Along with Vulkan 1.3, Khronos also introduced Vulkan Profiles into the Vulkan ecosystem:
“The new Vulkan profile mechanism enables the precise specification and management of sets of API capabilities. Each profile specifies a core version of Vulkan plus a set of required extensions, with supported limits, features, and formats. Profiles provide a way to precisely communicate functionality requirements and device capabilities between participants in the Vulkan ecosystem to streamline the development and deployment of portable applications.”
The initial wave of profiles includes a Vulkan 2022 roadmap profile, an Android 2021 baseline profile and a LunarG desktop portability profile. Each defining their own sets of requirements.
Similar to extensions, features and structures, support for these varies, so adding them to the database was a natural fit.
The first new addition is reading and storing the list of supported profiles for device reports. This is similar to supported extensions, and the information is displayed in each report, in the report compare function and as a global coverage listing where you can check support for a given profile and platform.
Profile layer JSON downloads deprecates DevSim
The second change affects the device simulation layer. That layer allowed a user to simulate device limitations without actual access to that device using a JSON file. For some time now, the database allowed you to generate a JSON format for the device simulation layer from almost all reports. These allowed you to validate your application against limitations of device you don’t have access too.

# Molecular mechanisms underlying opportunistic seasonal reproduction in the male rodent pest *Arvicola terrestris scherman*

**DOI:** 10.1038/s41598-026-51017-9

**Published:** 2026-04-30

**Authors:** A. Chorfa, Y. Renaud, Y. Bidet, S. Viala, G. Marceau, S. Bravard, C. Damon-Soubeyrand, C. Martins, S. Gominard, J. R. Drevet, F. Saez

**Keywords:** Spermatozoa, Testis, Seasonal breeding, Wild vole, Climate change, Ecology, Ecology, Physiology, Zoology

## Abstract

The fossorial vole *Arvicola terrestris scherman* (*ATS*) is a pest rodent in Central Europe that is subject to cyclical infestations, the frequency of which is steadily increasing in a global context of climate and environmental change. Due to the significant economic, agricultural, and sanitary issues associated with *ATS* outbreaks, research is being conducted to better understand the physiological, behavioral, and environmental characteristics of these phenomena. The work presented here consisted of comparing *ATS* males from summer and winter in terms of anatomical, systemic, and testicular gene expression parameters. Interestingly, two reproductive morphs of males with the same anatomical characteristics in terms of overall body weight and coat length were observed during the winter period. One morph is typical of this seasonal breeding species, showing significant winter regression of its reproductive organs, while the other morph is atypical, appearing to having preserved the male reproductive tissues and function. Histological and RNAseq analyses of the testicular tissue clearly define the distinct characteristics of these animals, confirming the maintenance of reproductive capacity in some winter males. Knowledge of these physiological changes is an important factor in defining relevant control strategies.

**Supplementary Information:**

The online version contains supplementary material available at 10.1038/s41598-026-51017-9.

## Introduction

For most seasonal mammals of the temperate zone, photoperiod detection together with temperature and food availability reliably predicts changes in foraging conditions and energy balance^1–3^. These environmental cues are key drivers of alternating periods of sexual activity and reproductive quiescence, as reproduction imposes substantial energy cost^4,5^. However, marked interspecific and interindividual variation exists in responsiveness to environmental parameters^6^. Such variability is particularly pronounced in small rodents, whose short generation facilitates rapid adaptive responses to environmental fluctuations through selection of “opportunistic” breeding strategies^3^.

That device simulation layer has been deprecated with the introduction of Vulkan Profiles, so all api routes and download links for device simulation layer JSON files have been removed.
Instead it’s now possible to generate a Vulkan Profile for a given report that you can then use with vkconfig (from LunarG’s SDK) to simulate that device.
These profile JSON files are generated at runtime, making them available for almost all reports in the database (except for some very early reports). So you can download profiles even for reports that have been uploaded with older versions of the client application. Making this possible wasn’t easy due to how data is stored in the database und how some devices report features and properties. I wanted to make sure that the generated profiles validate 100% clean against the used schemas, so the code to generate profiles is more complex than one might initially think. While implementing this I e.g. noticed that some reports seem to report “non-valid” api versions like 1.3.194 (first header for 1.3 was 204) which caused some troubles with selecting and validating against the proper JSON schema. But together with Christophe Riccio from LunarG we came up with a good solution: Schemas for the profiles are named by the header revision, so when generating a profile for a report, I use the schema that matches the header revision of the api (in above case 194). To then make sure that the profile is properly validating, I remove extensions and feature and property structures not defined in that api version (via the schema file). So for most reports in the database, you should be able to get 100% clean profile files to use with LunarG’s layer. Additional notes on how this works with regards to the database can be found here.
Vulkan Hardware Capability Viewer 3.2
The new version of the client application is available for Windows, Linux (X11 and Wayland), Mac OSX and Android on the download page. If you have already submitted a device with an older version, you may be able to update the device report with the newly added profile information.